The Range Rover Evoque convertible is a hybrid, but not in the traditional sense. Part truck, part sports car, straddling the line between hillbilly and city slicker, it’s half fish and half fowl.

The resulting vehicle is a two-door, four-passenger sport utility vehicle that the Range Rover company calls a “crossover with capability.”

Driven by a 2.0-liter turbocharged four-cylinder engine that makes 240 horsepower and 250 pound-feet of torque, the all-wheel-drive Evoque convertible comes equipped with a suite of electronics to ensure that capability.

The Terrain Response System enables the Evoque to master mud, sand, snow and other surfaces. The Hill Descent Control keeps the Evoque from running downhill, while the Hill Start Assist keeps it from slipping from a dead stop while pointing uphill.

More electronic aids – including traction control, roll stability control and dynamic stability control – keep the Evoque secure on flatter ground.

This feathered fish is a bit anonymous around town when the top is up. But it’s entirely anomalous when the top is down.

“That car is sick!” one fellow commuter called out to me. “It’s a total babe magnet!” said another.

Not everyone appreciates the anomaly. One friend grimaced when I pulled to the curb, noting the car’s high belt line and short wheelbase, and said, “It looks like a hot tub with a windshield.”

Like everything in the Range Rover family, the Evoque (base price $58,270) is a pleasure to drive. Competent and easy to park in town, it feels lush on the freeway, solid and planted.

The engine chugs through a nine-speed automatic transmission, which may help with fuel economy but felt like three or four too many gears for smooth driving. (That transmission is also in the Jeep Cherokee cars, which produce a similar sensation.)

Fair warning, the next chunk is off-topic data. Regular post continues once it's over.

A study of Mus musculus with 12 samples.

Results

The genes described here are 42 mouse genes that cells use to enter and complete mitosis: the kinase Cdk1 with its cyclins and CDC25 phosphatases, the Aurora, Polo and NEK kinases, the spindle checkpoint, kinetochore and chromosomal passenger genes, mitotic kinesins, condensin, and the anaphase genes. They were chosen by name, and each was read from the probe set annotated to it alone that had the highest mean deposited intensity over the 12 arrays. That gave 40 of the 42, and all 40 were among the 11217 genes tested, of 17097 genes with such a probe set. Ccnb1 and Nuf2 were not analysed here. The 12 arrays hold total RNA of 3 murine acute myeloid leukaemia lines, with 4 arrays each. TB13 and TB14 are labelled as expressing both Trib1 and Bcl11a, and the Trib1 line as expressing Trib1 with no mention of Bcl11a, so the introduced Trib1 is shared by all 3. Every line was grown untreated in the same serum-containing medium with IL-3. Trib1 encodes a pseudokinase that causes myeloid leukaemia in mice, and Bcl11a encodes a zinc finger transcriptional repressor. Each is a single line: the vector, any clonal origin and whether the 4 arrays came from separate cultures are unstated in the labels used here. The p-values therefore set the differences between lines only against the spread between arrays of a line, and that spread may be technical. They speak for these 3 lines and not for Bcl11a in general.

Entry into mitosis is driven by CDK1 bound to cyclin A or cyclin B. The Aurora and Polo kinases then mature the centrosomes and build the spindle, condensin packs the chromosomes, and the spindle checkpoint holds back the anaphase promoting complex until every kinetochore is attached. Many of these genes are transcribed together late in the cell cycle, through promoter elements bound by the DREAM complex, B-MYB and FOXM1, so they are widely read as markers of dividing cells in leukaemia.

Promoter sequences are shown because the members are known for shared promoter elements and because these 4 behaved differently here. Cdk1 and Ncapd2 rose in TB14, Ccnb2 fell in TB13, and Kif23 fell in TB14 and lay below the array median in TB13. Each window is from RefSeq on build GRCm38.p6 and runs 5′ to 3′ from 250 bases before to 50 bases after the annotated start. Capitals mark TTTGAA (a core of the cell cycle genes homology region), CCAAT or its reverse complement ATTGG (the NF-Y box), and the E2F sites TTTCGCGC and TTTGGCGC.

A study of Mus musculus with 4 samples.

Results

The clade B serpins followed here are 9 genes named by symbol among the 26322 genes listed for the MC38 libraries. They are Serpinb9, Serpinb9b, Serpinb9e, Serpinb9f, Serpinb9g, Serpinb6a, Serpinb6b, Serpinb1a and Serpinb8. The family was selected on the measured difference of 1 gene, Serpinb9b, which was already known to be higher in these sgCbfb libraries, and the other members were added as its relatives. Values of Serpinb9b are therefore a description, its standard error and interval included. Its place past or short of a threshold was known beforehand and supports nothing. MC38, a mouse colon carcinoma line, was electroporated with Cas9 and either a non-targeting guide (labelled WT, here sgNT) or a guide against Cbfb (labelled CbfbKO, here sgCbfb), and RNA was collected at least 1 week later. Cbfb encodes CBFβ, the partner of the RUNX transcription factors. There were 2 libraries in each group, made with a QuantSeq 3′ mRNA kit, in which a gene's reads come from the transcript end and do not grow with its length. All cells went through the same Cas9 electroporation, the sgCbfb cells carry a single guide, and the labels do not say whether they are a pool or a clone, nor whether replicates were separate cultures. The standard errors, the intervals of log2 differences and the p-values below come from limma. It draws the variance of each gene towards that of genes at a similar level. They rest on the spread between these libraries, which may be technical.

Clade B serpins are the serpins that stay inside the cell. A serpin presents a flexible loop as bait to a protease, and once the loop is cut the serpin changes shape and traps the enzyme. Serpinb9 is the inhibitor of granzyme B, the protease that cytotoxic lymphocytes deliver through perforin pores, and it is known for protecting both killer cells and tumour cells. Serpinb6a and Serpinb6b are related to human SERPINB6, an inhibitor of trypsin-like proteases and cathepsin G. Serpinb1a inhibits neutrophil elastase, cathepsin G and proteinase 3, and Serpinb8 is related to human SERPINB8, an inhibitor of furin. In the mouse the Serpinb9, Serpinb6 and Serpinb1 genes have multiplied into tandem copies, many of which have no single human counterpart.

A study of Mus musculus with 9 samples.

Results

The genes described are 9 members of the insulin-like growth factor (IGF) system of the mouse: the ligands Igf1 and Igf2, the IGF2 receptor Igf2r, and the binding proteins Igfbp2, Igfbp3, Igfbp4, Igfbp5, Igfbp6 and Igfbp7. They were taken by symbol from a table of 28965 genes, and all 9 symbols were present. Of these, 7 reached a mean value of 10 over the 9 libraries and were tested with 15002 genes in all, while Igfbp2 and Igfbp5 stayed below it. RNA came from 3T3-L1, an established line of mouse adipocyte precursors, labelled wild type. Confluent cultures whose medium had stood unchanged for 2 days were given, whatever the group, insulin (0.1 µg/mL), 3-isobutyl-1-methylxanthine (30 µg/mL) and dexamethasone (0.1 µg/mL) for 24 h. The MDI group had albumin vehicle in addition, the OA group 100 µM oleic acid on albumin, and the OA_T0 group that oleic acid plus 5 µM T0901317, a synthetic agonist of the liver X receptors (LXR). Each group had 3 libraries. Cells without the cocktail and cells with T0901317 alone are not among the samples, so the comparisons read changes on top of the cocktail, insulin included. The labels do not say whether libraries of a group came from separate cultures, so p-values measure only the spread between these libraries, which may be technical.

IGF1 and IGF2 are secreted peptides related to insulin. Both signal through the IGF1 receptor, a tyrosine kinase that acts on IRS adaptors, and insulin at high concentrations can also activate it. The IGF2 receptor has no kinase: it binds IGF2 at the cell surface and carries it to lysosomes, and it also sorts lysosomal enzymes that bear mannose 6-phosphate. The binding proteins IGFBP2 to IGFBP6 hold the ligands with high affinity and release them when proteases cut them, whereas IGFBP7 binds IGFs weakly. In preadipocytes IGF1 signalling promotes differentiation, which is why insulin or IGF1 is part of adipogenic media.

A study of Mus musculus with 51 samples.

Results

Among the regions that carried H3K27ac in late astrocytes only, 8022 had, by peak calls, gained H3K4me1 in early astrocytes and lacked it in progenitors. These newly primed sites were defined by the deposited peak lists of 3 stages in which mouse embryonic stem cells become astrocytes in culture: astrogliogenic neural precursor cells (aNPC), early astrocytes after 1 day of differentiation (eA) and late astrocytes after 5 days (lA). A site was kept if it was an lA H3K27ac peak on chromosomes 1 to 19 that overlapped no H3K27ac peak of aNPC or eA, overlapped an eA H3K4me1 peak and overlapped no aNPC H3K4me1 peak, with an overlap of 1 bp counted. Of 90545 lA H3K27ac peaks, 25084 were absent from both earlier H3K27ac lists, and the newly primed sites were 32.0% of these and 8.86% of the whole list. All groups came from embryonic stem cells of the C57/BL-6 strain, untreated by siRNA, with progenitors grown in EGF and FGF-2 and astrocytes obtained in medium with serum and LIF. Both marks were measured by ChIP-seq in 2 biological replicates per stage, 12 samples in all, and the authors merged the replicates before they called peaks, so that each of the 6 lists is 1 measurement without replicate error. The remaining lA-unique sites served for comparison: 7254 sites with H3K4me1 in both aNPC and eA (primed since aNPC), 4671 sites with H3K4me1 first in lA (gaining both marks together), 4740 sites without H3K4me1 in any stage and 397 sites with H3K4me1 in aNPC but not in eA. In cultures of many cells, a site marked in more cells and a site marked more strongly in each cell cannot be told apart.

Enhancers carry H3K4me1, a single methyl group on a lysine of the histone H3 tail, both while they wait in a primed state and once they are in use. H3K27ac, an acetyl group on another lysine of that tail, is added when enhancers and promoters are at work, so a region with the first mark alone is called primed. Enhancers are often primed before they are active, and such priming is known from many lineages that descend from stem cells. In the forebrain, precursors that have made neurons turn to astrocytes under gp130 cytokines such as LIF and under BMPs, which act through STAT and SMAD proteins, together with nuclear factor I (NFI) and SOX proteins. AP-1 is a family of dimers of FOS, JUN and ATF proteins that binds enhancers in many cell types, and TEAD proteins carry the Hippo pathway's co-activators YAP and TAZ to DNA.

I experienced a little turbo lag when I went pedal to metal, before that torque kicked in and pushed the Evoque forward.

The suspension works to do all things well, but doesn’t. A little stiff around town in Normal mode, it begins to feel sporty in Sport but remains a little too soft to inspire confidence off-road, where the relatively limited ground clearance and thin tires prohibit it from getting too rowdy in the rough stuff.

Built on the same platform as Range Rover’s Discovery Sport SUV, the Evoque shares its engine and many other characteristics with that Sport and also with the sibling Jaguar XE sport sedan.

The Oxford leather front seats are cozy and comfortable. On the model I borrowed, they were heated too, but not ventilated. The similarly upholstered rear seats, while not spacious, are also comfortable and allow ample head room with the top up or down.

Unlike many convertibles, the trunk offers enough cargo space – 8.8 cubic feet – to carry a golf bag around town, with the top up or down.

And that top? It features the second quietest, smoothest convertible motor I’ve ever encountered, after the Rolls Royce Dawn. It is so silent I had to keep looking to make sure it was actually doing its job.

It’s not clear who this car is for. The Jaguar Land Rover folks told me Evoque buyers are cross-shopping Jeep Wranglers, Audi A5 Cabrios and BMW 4 series convertibles.

Are there many of them? Yes, and no.

An executive with the company said the Evoque got to 100,000 units globally faster than any car in Range Rover’s history. Like the Discovery family of cars, it has been especially popular in the U.S.

But of the three models offered – the convertible, and two-door and four-door hardtop versions – the convertible accounts for only 7 percent of total sales, Range Rover said. Even though the Evoque convertible is the only soft-top Range Rover or Land Rover available, almost everyone is buying the four-door.

That makes more sense, but it’s likely to be less fun, and turn fewer heads.